The Friday Report: May 14th, 2021

Quick wrap up of a few hot topic newsworthy stories in the supply chain logistics industry

Walgreens Delivers in Two Hours or Less

Aiming to capitalize on the e-commerce craze, Walgreens recently announced that it launched two-hour delivery service nationwide.  Walgreens consumers can now order from an inventory of 24,000 items for quick delivery without an order minimum.  Store employees pick and pack the orders then hand them off to Uber, DoorDash, Instacart and Postmates drivers for delivery.  Because Walgreens uses a variety of delivery service providers, the delivery fee will vary but is anticipated to be $7.99 in most areas.

The retailer hopes that offering faster, convenient options will enable them to capture more sales as well as valuable customer data.  Leveraging this information can help identify other products and services, income streams and business models desired by its customers.

For more information, please continue reading here.

HelloFresh Plans Q4 Opening of Huge Phoenix Distribution Center

Situated in a location with ready access to a strong labor pool and major routes including Interstates 8, 10 and 17, the new DC will be able to reach consumers living in populated areas such as southwest and west Phoenix.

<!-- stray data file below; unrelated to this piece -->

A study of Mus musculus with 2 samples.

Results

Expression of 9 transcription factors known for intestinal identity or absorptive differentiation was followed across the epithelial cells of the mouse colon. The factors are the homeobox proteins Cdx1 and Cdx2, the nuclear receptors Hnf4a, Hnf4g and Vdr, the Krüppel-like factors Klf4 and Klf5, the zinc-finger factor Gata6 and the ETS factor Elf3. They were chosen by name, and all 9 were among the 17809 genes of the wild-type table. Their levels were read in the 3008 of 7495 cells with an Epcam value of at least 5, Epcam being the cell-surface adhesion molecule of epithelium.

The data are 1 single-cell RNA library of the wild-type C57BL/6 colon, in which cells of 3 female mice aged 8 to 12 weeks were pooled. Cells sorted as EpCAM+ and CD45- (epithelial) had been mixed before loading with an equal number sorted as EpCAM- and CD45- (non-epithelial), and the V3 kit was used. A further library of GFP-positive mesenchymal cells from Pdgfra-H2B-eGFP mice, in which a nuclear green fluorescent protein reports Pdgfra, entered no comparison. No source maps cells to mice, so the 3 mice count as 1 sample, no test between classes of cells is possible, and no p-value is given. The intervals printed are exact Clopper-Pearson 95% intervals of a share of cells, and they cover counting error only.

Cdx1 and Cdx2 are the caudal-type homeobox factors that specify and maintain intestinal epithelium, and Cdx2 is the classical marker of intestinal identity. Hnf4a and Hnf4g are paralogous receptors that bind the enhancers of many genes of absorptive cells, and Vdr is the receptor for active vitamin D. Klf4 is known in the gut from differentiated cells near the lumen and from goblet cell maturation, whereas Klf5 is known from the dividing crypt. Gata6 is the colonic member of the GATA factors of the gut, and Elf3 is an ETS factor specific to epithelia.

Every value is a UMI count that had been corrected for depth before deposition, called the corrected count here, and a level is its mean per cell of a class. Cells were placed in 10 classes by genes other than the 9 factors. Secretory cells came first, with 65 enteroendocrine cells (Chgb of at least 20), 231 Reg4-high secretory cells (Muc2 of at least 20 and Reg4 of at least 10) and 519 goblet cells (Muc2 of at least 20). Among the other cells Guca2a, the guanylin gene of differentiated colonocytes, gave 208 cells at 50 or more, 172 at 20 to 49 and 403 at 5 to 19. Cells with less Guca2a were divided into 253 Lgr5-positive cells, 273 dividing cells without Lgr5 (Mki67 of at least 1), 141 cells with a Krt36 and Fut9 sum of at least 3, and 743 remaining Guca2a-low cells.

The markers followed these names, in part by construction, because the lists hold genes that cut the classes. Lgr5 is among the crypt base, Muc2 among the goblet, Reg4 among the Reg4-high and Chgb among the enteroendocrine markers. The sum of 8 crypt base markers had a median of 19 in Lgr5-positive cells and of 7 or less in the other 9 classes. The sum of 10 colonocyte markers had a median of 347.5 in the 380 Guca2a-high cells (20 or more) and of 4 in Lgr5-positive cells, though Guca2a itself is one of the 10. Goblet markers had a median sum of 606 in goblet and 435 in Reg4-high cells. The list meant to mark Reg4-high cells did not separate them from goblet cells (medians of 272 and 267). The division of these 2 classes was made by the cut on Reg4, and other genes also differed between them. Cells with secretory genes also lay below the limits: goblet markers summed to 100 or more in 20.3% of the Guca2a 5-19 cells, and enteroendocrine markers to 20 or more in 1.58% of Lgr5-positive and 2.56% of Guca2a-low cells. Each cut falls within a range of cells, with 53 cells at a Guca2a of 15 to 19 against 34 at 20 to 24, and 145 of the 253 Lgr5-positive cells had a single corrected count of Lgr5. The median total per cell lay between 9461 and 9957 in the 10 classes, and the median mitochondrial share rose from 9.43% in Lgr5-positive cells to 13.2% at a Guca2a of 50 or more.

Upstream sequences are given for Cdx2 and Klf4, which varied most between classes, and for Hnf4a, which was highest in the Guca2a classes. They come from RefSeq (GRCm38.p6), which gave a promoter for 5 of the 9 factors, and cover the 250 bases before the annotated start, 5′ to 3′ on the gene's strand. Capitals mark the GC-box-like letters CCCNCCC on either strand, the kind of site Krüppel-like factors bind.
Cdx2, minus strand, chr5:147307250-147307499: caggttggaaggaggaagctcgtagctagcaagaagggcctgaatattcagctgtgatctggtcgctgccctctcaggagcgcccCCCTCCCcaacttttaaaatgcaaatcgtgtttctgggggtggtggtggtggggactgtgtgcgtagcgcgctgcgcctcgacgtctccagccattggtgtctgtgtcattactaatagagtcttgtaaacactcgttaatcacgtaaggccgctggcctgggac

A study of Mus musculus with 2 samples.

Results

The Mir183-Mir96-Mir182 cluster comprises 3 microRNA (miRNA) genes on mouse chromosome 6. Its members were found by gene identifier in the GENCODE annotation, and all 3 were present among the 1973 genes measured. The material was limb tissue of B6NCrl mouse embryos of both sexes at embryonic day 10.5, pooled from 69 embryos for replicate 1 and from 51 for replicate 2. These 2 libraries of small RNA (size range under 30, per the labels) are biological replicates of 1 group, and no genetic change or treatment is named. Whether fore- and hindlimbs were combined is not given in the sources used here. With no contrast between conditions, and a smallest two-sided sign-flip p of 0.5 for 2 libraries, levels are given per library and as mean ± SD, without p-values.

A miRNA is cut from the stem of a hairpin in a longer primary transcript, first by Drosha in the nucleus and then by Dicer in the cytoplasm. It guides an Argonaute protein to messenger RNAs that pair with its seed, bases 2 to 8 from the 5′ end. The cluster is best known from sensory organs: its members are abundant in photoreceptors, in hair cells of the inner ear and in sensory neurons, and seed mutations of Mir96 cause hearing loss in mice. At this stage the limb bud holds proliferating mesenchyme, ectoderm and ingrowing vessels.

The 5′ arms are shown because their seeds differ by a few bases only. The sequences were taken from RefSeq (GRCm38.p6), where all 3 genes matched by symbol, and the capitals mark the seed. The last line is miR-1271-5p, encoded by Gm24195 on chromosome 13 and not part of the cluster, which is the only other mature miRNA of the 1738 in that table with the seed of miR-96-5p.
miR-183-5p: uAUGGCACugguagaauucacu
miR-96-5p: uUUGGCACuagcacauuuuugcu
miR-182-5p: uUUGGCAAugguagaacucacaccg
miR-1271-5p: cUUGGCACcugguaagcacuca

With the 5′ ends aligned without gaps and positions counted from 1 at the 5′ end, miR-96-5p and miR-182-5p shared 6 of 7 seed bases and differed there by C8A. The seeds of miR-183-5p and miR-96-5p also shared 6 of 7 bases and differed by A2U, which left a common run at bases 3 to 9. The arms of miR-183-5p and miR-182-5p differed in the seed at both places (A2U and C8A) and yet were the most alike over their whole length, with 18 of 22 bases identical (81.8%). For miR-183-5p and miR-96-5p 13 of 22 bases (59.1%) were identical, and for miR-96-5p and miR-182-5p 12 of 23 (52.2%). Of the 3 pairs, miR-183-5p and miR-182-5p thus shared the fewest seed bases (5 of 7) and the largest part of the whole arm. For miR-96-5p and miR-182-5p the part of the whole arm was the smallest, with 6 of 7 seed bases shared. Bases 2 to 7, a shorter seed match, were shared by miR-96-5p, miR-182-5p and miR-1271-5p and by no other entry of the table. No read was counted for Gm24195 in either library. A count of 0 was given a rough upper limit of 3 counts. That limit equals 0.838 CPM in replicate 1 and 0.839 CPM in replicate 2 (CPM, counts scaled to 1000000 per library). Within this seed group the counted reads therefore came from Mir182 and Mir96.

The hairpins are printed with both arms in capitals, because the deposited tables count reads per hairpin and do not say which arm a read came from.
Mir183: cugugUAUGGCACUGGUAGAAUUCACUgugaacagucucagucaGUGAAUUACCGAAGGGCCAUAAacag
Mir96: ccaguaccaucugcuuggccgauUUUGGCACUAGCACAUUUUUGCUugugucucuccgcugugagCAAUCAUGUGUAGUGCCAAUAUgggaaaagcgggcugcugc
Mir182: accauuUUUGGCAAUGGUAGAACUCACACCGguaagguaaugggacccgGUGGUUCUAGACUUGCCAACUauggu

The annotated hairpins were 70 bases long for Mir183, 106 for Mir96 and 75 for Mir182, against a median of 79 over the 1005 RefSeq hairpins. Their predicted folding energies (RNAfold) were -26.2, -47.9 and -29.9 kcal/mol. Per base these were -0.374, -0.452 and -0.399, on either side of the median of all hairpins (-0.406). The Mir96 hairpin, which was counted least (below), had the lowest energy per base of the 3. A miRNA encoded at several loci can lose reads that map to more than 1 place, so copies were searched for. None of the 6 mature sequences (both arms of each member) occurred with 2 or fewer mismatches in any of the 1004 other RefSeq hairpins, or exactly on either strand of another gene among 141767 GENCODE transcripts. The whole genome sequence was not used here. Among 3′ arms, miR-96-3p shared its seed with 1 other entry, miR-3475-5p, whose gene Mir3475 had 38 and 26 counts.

The new DC complements HelloFresh’s suite of new U.S. warehouses, expanding its production facilities and supply chain.  This will enable the company to offer more meal options to attract and retain customers.  HelloFresh indicated that the company has plans to also provide breakfast and lunch meal options.  Growth in the meal kit space has been steady with HelloFresh expanding its customer base by 1 million, with a 37% increase in U.S. sales during the latest quarter as compared to the previous period. 

For more information, please continue reading here.

Walmart Paves the Way for Faster Supplier Payments to Provide Access to Capital

Recognizing that using historically underutilized “diverse” suppliers benefits its business by increasing its product assortment, Walmart took note of challenges these businesses frequently face and has searched for solutions.

During the early stage of the pandemic, Walmart noted that consumer demand for nonessential items fell precipitously.  Retailers were canceling orders, extending the time it would take to pay suppliers, creating financial stress.  This frequently made it challenging for suppliers to pay its employees and other expenses.  Cancelled orders and extended payment windows, when unbalanced tended to negatively impact the amount of financing and credit made available to suppliers and had the greatest effect on those companies low on cash.

To help solve this dilemma, Walmart found the means to enable options for accessing capital, expediting payments.  Collaborating with its financial partner C2FO, Walmart Inc. expanded its early payment program.  Suppliers can use an interface to pick which of their invoices are to receive early payments, giving it access to working capital.  Initially Walmart will fund the program.  In a later phase, Walmart will fund the program by collaborating with banks.

For more information, please continue reading here.